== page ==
Bezzecchi ‘burnt my ass to save my arms’ in MotoGP practice crash days after surgery

Bezzecchi, third in the championship, fractured his right collarbone in a crash while training at Valentino Rossi’s ranch last Saturday.

The Italian underwent surgery on Sunday to have plates fitted to the collarbone and was cleared to race this weekend in Indonesia having only made it to Mandalika on Friday morning ahead of FP1.

In the first session, Bezzecchi suffered a crash but was able to walk away from it unscathed just five days on from his collarbone operation, before going on to finish second practice third-fastest.

“[Was I] scared, no,” Bezzecchi said of his FP1 tumble.

“But as soon as I was sliding I burnt my ass to try to not hit my arms.

“Fortunately, I went onto the gravel and it was ok, but it was a little bit after the crash when I was sliding.”

Bezzecchi added that the pain he is in with his right arm, which he admitted was less than anticipated, is “worse” than what he experienced at Misano last month after injuring his hand in a Turn 1 pile-up in Barcelona.

While hoping not to have to take any strong painkillers this weekend, Bezzecchi also joked: “if I go well, for sure champagne is a very good painkiller.»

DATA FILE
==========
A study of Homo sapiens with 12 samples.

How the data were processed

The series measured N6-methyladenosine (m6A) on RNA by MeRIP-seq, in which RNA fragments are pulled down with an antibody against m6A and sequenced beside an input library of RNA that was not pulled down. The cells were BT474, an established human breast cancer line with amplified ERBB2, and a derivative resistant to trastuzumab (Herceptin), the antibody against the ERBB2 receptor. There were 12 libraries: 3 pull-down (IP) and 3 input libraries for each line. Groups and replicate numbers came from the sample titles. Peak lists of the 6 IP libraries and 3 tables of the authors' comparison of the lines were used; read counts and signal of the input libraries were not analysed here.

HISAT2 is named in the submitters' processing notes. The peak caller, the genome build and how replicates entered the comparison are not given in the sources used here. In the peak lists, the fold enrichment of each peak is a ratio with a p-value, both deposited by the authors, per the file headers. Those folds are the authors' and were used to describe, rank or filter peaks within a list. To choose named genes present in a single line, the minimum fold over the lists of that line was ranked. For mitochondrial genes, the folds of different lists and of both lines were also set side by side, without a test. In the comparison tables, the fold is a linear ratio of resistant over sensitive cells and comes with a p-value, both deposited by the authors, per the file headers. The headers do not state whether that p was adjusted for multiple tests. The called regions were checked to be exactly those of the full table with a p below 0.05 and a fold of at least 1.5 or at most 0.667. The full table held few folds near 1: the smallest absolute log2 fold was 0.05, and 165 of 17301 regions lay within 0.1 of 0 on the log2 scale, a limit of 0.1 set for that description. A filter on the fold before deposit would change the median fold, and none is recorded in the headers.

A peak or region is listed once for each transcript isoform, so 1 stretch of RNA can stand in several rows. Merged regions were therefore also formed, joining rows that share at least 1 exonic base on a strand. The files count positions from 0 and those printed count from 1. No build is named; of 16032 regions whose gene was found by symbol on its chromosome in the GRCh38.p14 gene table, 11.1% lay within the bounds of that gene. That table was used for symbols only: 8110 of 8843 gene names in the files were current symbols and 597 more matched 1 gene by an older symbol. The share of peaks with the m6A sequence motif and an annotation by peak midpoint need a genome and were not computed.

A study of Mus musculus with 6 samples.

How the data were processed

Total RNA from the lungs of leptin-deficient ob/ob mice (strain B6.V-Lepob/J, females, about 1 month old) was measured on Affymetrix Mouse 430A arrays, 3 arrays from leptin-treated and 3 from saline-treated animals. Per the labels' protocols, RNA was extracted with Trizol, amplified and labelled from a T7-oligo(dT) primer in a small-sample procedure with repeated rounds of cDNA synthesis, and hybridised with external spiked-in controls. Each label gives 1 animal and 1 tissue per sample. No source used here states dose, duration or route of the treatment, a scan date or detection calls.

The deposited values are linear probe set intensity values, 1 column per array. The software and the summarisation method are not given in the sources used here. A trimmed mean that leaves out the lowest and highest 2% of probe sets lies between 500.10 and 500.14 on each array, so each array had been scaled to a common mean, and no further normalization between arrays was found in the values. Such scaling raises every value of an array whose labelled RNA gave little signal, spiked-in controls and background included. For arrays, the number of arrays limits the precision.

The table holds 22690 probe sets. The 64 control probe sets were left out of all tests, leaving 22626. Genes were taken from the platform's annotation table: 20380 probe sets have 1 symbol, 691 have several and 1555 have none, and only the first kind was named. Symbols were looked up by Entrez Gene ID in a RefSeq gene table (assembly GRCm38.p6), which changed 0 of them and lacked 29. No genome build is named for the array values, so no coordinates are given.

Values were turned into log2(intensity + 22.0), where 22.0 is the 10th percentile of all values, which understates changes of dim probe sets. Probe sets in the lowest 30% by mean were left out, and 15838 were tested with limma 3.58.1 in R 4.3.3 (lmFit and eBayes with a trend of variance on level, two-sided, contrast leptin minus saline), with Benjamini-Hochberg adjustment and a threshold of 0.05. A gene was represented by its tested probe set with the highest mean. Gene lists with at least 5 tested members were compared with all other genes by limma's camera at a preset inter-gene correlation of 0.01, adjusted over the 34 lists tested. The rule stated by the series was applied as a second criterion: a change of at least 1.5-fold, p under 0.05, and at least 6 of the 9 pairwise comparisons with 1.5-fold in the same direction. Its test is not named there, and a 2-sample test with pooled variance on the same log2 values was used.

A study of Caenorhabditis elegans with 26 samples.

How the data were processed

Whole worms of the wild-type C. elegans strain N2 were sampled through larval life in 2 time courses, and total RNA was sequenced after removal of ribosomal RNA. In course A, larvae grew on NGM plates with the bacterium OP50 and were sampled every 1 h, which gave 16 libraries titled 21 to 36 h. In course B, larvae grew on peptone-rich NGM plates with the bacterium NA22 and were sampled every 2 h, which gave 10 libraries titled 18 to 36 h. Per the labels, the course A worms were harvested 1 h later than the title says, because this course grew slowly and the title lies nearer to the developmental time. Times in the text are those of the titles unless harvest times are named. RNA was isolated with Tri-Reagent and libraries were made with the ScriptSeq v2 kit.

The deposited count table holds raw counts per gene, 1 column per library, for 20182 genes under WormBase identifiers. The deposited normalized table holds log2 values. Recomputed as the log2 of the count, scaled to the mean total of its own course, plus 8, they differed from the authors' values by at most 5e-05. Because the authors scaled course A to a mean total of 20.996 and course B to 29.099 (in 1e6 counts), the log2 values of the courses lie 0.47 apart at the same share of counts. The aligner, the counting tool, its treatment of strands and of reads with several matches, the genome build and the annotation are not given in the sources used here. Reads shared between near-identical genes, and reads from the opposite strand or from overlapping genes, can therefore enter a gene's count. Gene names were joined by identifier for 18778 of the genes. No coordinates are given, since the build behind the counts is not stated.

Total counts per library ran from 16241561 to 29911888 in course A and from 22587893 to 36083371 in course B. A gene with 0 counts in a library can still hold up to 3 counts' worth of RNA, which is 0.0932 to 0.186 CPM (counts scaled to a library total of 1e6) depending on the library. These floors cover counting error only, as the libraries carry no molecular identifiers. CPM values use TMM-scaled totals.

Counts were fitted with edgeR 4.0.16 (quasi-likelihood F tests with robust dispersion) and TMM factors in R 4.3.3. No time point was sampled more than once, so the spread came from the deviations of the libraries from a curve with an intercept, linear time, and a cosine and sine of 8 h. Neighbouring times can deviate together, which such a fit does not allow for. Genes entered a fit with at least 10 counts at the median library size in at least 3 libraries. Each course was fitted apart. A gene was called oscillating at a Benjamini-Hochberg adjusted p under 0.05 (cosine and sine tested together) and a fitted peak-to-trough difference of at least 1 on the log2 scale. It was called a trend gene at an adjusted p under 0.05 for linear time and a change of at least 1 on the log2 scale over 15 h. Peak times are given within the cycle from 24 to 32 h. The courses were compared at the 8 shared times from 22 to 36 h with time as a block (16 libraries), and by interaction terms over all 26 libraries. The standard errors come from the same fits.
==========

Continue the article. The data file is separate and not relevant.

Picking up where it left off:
Marco Bezzecchi, VR46 Racing Team

Marco Bezzecchi, VR46 Racing Team

Photo by: Gold and Goose / Motorsport Images

The three-time grand prix winner had ruled himself out of competing in Indonesia this weekend having “felt sh*t” after his operation.

But having felt better on Tuesday, he ultimately decided to fly to Indonesia on Wednesday following another check with his doctors – arriving on the island of Lombok where the Mandalika track is based on Friday morning.

“To be honest, on Monday when I went back home Monday morning after the surgery, I felt very sh*t,” he explained.

“So, the first thought was to skip this race and go directly to Phillip Island. But on Monday I went to the gym to work with Carlo [Casabianca] and all my crew.

“Then on Tuesday when I woke up at home I felt incredibly better.

“I said ‘wow, this is strange’. But I was looking better, feeling better, moving the arm more and having more power with less pain.

“So, I said ‘I wanted to try today in the gym and let’s see. Tonight, I will decide’.

“Of course, I wanted to try. Not everyone agreed, but in the end, I tried to convince everyone – especially my mum.

“But after Wednesday morning I made a last check with the doctor and I said ‘Ok, I start’. I took the plane and I arrived this morning.”

Bezzecchi added that Rossi also wasn’t sure of his plan to ride, but he understood because “he is a racer”.

“At the beginning he was a bit more conservative than me,” Bezzecchi said of Rossi’s reaction to his plans.

“But when I told him I felt good and I can try, he agreed with me. But he’s a rider, he understands.”